The brand's blockchain-backed QR code packaging lets Carrefour customers look at details like when and where ingredients were sourced, in response to demands for transparency

Blockchain has become one of the fastest growing trends of the last year, with more and more companies using the technology to increase transparency. Swiss food giant Nestle and French retailer Carrefour are joining the bandwagon, letting customers look at product data through IBM’s Food Trust blockchain.

The partnership will allow customers to use QR codes on Nestle's Mousline instant mashed potato products in order to get the whole story of their journey from the factory to the Carrefour grocery section. The information will include when the product was packaged, times and the locations of warehouses where it was held, its quality control parameters, and potentially the farm where the potatoes came from. If the program works well and gets good customer response, Nestle will consider rolling out more products with this special packaging.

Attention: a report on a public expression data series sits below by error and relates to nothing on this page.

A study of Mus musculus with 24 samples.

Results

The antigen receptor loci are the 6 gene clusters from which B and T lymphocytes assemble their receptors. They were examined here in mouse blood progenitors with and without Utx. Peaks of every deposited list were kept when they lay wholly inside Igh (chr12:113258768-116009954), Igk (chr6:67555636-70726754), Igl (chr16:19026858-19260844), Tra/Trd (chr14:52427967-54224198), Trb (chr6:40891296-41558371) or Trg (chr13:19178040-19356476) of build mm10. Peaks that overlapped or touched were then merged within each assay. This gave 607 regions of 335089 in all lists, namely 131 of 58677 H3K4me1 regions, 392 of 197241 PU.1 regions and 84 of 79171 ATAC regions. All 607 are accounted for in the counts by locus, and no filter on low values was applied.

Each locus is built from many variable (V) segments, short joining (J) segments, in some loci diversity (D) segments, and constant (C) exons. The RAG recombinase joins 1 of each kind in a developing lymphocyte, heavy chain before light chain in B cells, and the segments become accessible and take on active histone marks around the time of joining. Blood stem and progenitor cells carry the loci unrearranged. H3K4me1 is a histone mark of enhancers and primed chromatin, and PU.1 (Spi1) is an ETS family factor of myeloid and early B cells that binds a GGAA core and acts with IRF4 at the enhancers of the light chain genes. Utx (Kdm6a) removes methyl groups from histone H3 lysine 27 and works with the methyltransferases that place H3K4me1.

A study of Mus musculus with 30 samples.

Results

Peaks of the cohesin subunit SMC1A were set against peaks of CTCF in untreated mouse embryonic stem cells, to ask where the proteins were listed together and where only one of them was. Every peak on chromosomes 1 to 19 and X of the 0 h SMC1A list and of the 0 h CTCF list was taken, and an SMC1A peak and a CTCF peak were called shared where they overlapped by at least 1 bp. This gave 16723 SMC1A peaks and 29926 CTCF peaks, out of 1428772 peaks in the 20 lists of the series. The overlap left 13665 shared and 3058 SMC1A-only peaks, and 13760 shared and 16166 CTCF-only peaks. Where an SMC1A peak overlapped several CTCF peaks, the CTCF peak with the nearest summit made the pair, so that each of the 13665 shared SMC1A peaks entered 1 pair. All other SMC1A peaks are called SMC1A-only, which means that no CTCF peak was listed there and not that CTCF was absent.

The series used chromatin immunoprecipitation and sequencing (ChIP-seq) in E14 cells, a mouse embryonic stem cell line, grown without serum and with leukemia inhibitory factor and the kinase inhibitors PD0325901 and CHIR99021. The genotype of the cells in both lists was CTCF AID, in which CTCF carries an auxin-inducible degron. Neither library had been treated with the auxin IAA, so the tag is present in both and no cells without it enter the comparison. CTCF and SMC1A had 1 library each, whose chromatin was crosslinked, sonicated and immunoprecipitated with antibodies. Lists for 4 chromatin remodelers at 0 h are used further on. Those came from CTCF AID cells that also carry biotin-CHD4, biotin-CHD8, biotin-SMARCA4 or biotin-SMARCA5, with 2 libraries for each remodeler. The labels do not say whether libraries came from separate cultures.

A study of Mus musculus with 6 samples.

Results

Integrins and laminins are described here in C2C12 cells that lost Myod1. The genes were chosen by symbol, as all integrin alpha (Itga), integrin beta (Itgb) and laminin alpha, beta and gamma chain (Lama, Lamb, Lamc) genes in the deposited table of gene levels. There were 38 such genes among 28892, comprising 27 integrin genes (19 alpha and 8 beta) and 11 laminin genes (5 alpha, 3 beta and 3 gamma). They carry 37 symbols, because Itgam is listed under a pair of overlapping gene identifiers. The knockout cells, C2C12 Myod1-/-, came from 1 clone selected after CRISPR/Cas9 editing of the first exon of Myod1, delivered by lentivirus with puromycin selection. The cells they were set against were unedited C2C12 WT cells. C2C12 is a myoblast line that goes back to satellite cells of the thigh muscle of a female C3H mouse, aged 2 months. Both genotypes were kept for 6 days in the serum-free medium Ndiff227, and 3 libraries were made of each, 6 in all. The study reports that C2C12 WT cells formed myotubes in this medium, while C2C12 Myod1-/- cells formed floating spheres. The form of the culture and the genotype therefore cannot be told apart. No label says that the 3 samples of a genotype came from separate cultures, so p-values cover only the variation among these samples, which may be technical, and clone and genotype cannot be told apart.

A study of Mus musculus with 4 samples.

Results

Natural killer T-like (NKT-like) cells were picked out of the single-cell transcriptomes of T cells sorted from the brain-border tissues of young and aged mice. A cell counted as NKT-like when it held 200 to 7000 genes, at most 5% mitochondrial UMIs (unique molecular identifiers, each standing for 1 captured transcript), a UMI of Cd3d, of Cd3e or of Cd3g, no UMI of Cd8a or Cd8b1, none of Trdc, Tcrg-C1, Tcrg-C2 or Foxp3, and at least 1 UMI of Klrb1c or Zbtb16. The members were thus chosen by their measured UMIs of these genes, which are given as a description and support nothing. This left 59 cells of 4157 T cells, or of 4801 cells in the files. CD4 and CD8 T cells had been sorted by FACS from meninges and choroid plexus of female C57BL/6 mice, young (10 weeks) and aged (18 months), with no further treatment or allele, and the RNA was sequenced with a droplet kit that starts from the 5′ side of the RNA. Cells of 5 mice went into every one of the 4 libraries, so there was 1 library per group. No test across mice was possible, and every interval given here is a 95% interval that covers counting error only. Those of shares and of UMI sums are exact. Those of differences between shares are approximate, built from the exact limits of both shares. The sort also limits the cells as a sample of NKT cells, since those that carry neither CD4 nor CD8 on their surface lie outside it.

“We are using [blockchain] technology to bring more transparency to our products by providing accurate, trusted and impartial information. That will benefit the whole value chain, including retailers and consumers,” Vineet Khanna, Nestle’s Senior Vice President and Global Head of Supply Chain, said in a statement.

Nestle | Carrefour


Lead image: stock photos from Arina P. Habich/Shutterstock

Blockchain has become one of the fastest growing trends of the last year, with more and more companies using the technology to increase transparency. Swiss food giant Nestle and French retailer Carrefour are joining the bandwagon, letting customers look at product data through IBM’s Food Trust blockchain.

The partnership will allow customers to use QR codes on Nestle's Mousline instant mashed potato products in order to get the whole story of their journey from the factory to the Carrefour grocery section. The information will include when the product was packaged, times and the locations of warehouses where it was held, its quality control parameters, and potentially the farm where the potatoes came from. If the program works well and gets good customer response, Nestle will consider rolling out more products with this special packaging.